On June 27, 2018, at Foley Hoag LLC in New York City, the Basser Center for BRCA held a panel discussion on the ins and outs of dating with a BRCA mutation. Speakers included Danielle McKenna, Genetic Counselor at the Basser Center, Lindsay Hoskins, a Couples and Family therapist in Washington, D.C., and two of our Young Leadership Council members: Suzanne Zuppello, a freelance writer and BRCA mutation carrier, and Lauren Profis, a marketing professional and BRCA mutation carrier. The panel was moderated by DeAnn Smith of Foley Hoag, a U.S. patent attorney. The panel members spoke about their experiences with dating either from the perspective of medical professionals or as BRCA mutation carriers — a deeply personal topic that we feel needs more discussion.

This is the last of three articles outlining the panel discussion. The responses below reflect some of the frustrations younger individuals have with finding information about living with a BRCA mutation and we’re grateful they were willing to candidly share their experiences. Thanks to Young Leadership Council member Sarah Roth for providing detailed notes from the event.

Should people try to be settled before genetic counseling?

Danielle McKenna: For a long time, women under 25 would just come in for information sessions. Sometimes, parents coerce kids in one way or another [so there is no need to wait to come in for counseling].

Counseling a partner of someone with BRCA

Lindsay Hoskins: Key issues are finding the right information; providing sufficient support; guiding through family planning; and talking about sex.

What are considerations for a BRCA-carrier who’s a man?

Lindsay Hoskins: [Sometimes patients wonder,] will this discourage someone from partnering with me?

On siblings

Suzanne Zuppello: My brother [hasn’t received testing] and he’s very weird about it. It makes me angry that [my brother and other relatives] don’t want that knowledge.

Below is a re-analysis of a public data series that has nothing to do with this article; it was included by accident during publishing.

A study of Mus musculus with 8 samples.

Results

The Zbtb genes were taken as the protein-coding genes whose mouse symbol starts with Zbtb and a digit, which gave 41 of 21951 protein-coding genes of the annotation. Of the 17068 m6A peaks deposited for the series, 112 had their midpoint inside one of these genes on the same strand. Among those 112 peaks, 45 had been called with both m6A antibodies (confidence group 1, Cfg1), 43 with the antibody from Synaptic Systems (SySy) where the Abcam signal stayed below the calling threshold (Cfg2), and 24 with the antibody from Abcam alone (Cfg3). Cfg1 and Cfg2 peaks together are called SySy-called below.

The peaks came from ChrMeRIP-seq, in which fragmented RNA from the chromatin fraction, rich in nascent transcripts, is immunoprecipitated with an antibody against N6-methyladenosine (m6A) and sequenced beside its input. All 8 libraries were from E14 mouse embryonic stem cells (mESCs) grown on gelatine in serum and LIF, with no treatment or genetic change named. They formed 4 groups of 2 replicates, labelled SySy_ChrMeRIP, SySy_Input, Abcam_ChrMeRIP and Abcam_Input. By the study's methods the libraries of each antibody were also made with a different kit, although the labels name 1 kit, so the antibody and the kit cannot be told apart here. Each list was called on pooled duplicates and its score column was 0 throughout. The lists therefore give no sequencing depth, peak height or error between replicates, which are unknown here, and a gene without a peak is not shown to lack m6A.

Lauren Profis: My sister went [for testing] six months before me. I went without her, and I took a pause [from talking about it with her]. There was something about it that my sister just didn’t grasp. [I wanted to say to her,] “I’m going through this, and it’s because of our mother, and you just don’t get it.” Sister relationships – female family relationships [in general] – are always going to be complicated and layered, and this is no exception.

Danielle McKenna: It’s hard for “true negatives” to let go of their family history as part of their identity.

How often do you think about breast cancer, after mastectomy surgery?

Suzanne Zuppello: It hardly crosses my mind. Ovarian, though, I think about all the time. [I wonder things like] will I be insured to get surgery? I went through two [really active] years, not letting myself process things. I’ve set aside 2018 to hit pause, and take a break.

Lindsay Hoskins: [Instead of worrying all the time, I tell my clients that] it can be helpful to set aside time – Thursday nights [for example] – to Google things, and let yourself feel anxiety.

The next Basser Young Leadership Council event will be on October 3rd, 2018, in New York: An Evening of Storytelling. Register for tickets now.

Opinions of the Basser Young Leadership Council members are their own personal opinions and do not necessarily represent those of the Basser Center.